MGT 312T Wk 3 - Apply: Employee Performance and Operations PLDZ-15563

Monitoring Performance Through Goal Measurement


Performance management doesn’t stop once effective goals are set for employees. Monitoring performance is an important next step to monitoring progress toward achievement of those goals—and accurate measurement of progress is critical. This activity is important because managers can use information gathered during performance monitoring to identify problems with and find opportunities to enhance employee performance.


The goal of this activity is for you to develop your knowledge of monitoring performance by matching measures of goal progress with their descriptions.


Read the descriptions of measures of goal progress. Match each type of measure to the appropriate description.

  1. Timeliness


  1. Quantity


  1. Financial metrics


  1. Quality




In an effort to cut costs, Albuquerque city officials decided to stop paying their garbage collectors for working overtime. This decision had a noticeable impact on the quality of their performance. This exercise is important because managers must consider how decisions about the financial health of a company can impact the quality of performance among its employees.


The goal of this exercise is to draw the connection between consequences and performance outcomes.


Read the case about trash collection crews in Albuquerque getting paid for only eight hours of work, then using the 3-step problem-solving approach, answer the questions that follow.


City officials in Albuquerque, New Mexico, needed to cut costs. Among the targets they identified was overtime pay of trash collectors. The officials decided to pay trash collection crews for eight hours of work no matter how long it actually took them to finish their routes. The hope was that the crews would work more efficiently and quickly, given that they could then go home early and still get paid for eight hours of work.


This PM practice seemed like a success, and overtime costs dropped significantly. However, unintended consequences emerged. Crews overloaded their trucks to reduce the time they spent going to the dump, but strict weight limits resulted in fines when they arrived. So they drove faster, which resulted in more tickets and accidents. Sometimes they skipped trash pickups and truck maintenance, which generated customer complaints and more frequent vehicle breakdowns.1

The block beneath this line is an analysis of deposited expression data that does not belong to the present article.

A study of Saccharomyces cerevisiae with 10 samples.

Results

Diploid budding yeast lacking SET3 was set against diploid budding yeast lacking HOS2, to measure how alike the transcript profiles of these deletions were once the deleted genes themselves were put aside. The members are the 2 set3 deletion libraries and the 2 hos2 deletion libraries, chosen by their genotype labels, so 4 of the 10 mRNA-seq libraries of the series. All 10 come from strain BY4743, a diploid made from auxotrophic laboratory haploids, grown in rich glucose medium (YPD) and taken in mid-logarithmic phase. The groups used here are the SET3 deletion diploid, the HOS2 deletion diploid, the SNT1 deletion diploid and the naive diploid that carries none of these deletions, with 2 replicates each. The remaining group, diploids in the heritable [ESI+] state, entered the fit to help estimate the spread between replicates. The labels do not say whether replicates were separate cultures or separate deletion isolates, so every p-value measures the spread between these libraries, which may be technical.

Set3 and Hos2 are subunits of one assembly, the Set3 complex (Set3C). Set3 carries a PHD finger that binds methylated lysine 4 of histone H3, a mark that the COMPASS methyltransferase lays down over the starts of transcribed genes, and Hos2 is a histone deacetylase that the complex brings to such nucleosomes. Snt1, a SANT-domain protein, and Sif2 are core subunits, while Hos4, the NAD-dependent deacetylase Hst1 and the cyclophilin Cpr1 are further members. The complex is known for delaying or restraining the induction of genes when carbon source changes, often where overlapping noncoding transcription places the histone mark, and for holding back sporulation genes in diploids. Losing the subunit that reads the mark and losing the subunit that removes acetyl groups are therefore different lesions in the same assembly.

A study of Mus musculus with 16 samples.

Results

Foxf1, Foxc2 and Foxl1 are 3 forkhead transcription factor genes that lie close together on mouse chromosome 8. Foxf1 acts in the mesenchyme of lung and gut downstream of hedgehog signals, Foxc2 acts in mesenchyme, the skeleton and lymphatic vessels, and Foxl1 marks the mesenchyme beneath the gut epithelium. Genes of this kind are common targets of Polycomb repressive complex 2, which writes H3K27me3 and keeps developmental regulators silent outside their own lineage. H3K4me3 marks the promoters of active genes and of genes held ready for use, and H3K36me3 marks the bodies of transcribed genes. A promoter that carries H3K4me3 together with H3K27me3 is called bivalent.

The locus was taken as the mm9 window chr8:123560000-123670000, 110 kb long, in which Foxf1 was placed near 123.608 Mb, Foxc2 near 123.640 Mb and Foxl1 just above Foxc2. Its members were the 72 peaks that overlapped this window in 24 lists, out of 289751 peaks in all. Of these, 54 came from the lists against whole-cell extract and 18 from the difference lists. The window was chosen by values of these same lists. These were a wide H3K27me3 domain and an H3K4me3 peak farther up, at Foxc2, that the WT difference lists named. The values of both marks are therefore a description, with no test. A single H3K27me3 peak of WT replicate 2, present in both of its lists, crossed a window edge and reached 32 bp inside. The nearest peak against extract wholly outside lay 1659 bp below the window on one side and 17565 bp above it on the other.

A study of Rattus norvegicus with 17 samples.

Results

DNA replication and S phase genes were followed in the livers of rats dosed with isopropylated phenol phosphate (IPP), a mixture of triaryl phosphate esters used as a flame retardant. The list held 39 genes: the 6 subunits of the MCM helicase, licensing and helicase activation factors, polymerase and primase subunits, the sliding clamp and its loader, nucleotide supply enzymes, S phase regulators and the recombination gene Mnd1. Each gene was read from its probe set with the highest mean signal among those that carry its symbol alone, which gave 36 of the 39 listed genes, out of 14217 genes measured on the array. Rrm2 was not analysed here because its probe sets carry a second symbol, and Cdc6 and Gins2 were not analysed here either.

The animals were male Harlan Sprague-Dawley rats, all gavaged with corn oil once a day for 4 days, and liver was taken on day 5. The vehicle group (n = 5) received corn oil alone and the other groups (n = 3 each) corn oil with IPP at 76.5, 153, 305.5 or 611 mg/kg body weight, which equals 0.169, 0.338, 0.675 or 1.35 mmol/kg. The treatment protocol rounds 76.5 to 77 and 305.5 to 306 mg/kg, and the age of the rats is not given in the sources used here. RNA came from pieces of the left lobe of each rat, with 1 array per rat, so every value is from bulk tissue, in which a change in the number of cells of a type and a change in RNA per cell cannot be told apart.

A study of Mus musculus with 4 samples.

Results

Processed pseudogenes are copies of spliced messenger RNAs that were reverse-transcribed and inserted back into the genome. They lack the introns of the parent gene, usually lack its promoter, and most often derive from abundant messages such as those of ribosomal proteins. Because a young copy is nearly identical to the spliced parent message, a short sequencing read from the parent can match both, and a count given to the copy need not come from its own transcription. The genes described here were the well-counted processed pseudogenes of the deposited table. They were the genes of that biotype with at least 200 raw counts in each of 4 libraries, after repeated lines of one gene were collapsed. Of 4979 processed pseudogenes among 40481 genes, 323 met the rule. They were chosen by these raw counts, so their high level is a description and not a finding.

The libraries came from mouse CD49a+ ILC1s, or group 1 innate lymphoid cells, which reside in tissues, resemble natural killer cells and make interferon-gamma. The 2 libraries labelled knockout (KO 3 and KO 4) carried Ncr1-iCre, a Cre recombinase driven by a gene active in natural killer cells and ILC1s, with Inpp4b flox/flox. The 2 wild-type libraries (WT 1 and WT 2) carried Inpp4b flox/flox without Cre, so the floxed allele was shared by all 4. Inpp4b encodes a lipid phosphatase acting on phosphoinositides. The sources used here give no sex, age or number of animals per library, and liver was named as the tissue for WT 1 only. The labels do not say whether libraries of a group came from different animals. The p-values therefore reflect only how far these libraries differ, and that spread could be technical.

Apply the 3-Step Problem Solving Approach


Step 1: Define the problem city officials wanted to fix.

Step 2: Identify the potential causes of this problem. (Consider also the common reasons rewards fail to motivate.)

Step 3: Make your recommendations.




What is the key problem in this mini-case?

Multiple Choice

  •      Employee productivity
  •      Increase in accidents involving trash collecting trucks
  •      Low quality performance by trash collectors
  •      Customer complaints about trash collectors
  •      The need to increase overtime pay from its current levels


If city officials considered the elimination of overtime as a reward—meaning trash collectors could go home early if they finished their work, yet still get paid for eight hours—then, why did it fail to motivate the desired behaviors?

Multiple Choice

  •      The reward had a short-lived motivational impact
  •      The practices focused only on monetary rewards
  •      There was a long delay between the performance and when the reward was provided
  •      The trash collectors seemed entitled
  •      The reward seemed to be one-size-fits-all


What is one way city officials could have had more success in achieving their cost-cutting goals?

Multiple Choice

  •      Quickly terminating trash collectors who were exhibiting counterproductive behavior
  •      Allowing for overtime pay to continue
  •      Reducing the number of pickups for drivers
  •      Including the trash collectors in the process of designing the cost-saving program

••     Upgrading trash trucks


Why Are Some Companies Yanking Forced-Ranking?


Forced ranking is a popular performance management tool for many well-known companies such as Ford Motor Company, 3M, and Intel. For decades, forced-ranking appraisal practices have helped organizations and their managers differentiate among high- to low-performing employees. This exercise is important because it shows how organizations decide to recognize and reward top performers and determine grounds for terminating low performers.


The goal of this exercise is to demonstrate the advantages and disadvantages of forced-ranking systems.